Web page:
I’ve been following the diversity campaign of the American Association for the Advancement of Science (AAAS). Very consistently, the comment sections of their Facebook ads get flooded with people accusing the AAAS—publisher of one of the most prestigious academic journals, Science—of not understanding science, or how to properly advocate for it.
They claim that diversity in race, sex, and more is unnecessary; that it doesn’t lead to better science. I may be overstepping myself, but these people seem to believe that all or most of the straight white males like myself made it on their own, and that the lack of diversity is a natural sorting. In reality, discrimination is a real thing that has led to the lack of diversity in most successful career areas, including academia.
That fact aside, there are reasons why science benefits from diversity irrespective of the social justice aspects
Humans ignore most of the information they encounter unconsciously. Instead, your cognition has developed algorithms and heuristics for deciding what information is important and what is irrelevant. Based on personal development, we all pay attention to slightly different information and/or look at the same information from a different paradigm.
As the philosopher of science Peter Godfrey-Smith (2009) mentions in his book, there is an innate “theory-ladenness” in science (and everything else) whereby an observation of data is affected by the beliefs, perspectives, and biases of the scientist doing the observing. This extends to what facts a scientist sees relevant when constructing a theory, or deciding what to observe in the first place.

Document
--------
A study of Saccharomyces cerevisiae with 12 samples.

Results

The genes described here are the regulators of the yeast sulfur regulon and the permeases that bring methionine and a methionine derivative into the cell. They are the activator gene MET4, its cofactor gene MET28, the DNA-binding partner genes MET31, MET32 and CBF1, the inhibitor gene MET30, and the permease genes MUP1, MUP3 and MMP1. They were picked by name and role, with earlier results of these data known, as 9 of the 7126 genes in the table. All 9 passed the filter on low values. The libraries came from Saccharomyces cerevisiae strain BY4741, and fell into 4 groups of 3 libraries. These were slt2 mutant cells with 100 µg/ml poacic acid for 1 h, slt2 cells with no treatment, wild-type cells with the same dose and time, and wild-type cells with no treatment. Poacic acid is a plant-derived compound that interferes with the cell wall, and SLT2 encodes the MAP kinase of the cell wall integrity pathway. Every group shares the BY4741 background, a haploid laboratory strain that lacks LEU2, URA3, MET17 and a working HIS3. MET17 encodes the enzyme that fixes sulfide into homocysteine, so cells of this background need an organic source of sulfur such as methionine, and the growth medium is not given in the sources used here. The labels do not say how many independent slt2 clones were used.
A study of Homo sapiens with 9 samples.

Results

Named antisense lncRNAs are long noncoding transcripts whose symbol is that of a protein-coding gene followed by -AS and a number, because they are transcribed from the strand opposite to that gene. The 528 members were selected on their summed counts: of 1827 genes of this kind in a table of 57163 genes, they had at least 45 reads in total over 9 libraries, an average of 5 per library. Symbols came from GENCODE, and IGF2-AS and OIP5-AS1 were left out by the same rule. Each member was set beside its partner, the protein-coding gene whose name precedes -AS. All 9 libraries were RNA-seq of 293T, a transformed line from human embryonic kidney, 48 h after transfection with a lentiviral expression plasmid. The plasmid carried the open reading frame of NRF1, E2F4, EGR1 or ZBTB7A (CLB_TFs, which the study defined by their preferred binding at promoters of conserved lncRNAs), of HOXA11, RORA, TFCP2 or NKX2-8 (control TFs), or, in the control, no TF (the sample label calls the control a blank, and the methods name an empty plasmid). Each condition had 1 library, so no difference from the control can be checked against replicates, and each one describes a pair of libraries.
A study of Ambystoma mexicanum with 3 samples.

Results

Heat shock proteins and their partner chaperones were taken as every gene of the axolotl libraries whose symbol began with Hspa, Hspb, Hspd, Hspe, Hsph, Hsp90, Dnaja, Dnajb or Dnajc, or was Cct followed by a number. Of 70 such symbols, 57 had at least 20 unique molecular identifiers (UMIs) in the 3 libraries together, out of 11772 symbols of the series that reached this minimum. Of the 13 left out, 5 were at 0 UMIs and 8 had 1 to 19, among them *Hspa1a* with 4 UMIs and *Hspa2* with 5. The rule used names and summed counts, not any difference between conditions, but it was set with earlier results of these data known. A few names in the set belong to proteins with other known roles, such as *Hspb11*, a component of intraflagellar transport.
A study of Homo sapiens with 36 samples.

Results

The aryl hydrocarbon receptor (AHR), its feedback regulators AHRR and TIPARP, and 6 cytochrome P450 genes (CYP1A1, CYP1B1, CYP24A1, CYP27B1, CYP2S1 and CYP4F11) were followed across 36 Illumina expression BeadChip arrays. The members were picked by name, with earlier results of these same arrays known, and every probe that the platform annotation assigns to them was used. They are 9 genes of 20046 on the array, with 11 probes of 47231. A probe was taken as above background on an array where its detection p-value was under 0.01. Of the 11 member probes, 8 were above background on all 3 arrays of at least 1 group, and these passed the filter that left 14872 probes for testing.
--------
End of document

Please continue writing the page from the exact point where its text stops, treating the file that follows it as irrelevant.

Science as practiced by the scientific community is pretty good at weeding out bad observations and data. But based on biases, perspectives, and personal interests, some areas may be left unobserved or unconsidered altogether.
The value of diversity in science doesn’t come from a post-modernist perspective where a person thinks the facts literally change according to who is looking at them; the value instead comes from fewer total facts getting ignored because people with one background are catching ones that were inadvertently overlooked by people with another.
With that in consideration, it is no surprise that medical research into female anatomy, ailments, and other issues was horrifically lacking when the field was almost exclusively males.
Unfortunately, when pseudoscientists, “climate skeptics,” anti-vaxxers, and other similar groups talk about diversity in science it isn’t because of genuinely caring about science. It is because good science hasn’t supported their folk-beliefs, superstitions, or other pre-existing sacred cows. They think it is more likely that there is a grand conspiracy of scientist against “the truth” rather than that they may themselves be lacking in information.
When they advocate “diversity” they mean lowering scientific standards so low that their nutty pseudoscientists are allowed to talk with as much authority as real ones on the public and professional stage.
Worse, these people (especially “climate skeptics”) are often against the good type of diversity. They refuse to even acknowledge even minor discrimination against sexual and ethnic minorities (or they day the discrimination is right and proper).
But there is not a conspiracy. Scientists are not perfect, but one scientist’s mistake quickly get exposed by the work of others, leading to a natural selection-like system in which good ideas stay around, and bad ones get weeded out. Crock like “climate skepticism” or “intelligent design” gets relegated to irrelevance not because scientists are conspiring against it, but because it can’t withstand the scrutiny that was subjected to it when it was considered.
Diversity in thought and people are two sides of the same coin. Both are beneficial to science. However, when pseudoscience gets pushed aside it isn’t because of an intolerance of thought diversity, it is because it has failed to meet reasonable standards.
Godfrey-Smith, P. (2009). Theory and reality: An introduction to the philosophy of science. University of Chicago Press.